Cambridge: UK’s data protection watchdog fined Facebook with £500,000 for its role in the Cambridge Analytica data scandal.
According to Information Commissioner’s Office (ICO), Facebook had let a ‘serious breach’ of the law take place by giving app developers access to people’s data ‘without clear consent’ and notified the social network that it intended to issue the maximum fine, a report in BBC said.
Moreover, the ICO said in a statement,Between 2007 and 2014, Facebook processed the personal information of users unfairly by allowing application developers access to their information without sufficiently clear and informed consent, and allowing access even if users had not downloaded the app, but were simply ‘friends’ with people who had.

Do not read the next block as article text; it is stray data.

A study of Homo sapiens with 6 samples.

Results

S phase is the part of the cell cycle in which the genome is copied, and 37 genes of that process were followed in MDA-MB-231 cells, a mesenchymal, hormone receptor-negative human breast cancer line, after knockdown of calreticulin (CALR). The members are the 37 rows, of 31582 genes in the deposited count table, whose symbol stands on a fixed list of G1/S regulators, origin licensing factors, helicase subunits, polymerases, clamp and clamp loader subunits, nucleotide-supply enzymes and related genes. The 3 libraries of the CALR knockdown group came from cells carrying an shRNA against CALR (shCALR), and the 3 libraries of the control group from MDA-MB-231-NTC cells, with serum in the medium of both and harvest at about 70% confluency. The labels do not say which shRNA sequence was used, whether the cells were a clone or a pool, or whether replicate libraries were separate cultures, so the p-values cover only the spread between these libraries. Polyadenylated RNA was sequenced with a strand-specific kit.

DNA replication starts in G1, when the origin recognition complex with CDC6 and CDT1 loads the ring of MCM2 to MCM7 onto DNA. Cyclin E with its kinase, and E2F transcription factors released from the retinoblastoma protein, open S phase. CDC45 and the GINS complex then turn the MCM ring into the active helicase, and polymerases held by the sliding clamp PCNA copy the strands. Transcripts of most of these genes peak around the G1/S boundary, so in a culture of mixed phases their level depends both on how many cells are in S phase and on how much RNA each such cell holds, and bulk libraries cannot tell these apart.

However ‘Facebook also failed to keep the personal information secure because it failed to make suitable checks on apps and developers using its platform.’
Researcher Dr Aleksandr Kogan of Cambridge and his company GSR used a personality quiz to harvest the Facebook data of up to 87 million people.
Some of this data was shared with Cambridge Analytica, which used it to target political advertising in the US. “Even after the misuse of the data was discovered in December 2015, Facebook did not do enough to ensure those who continued to hold it had taken adequate and timely remedial action, including deletion,” the ICO said.
The ICO found that more than one million people in the UK had their data harvested by the personality quiz.
The ICO is still investigating how data analytics is used for political purposes.
Ms Denham is due to give evidence to the Department for Digital, Culture, Media and Sport (DCMS) Select Committee on 6 November.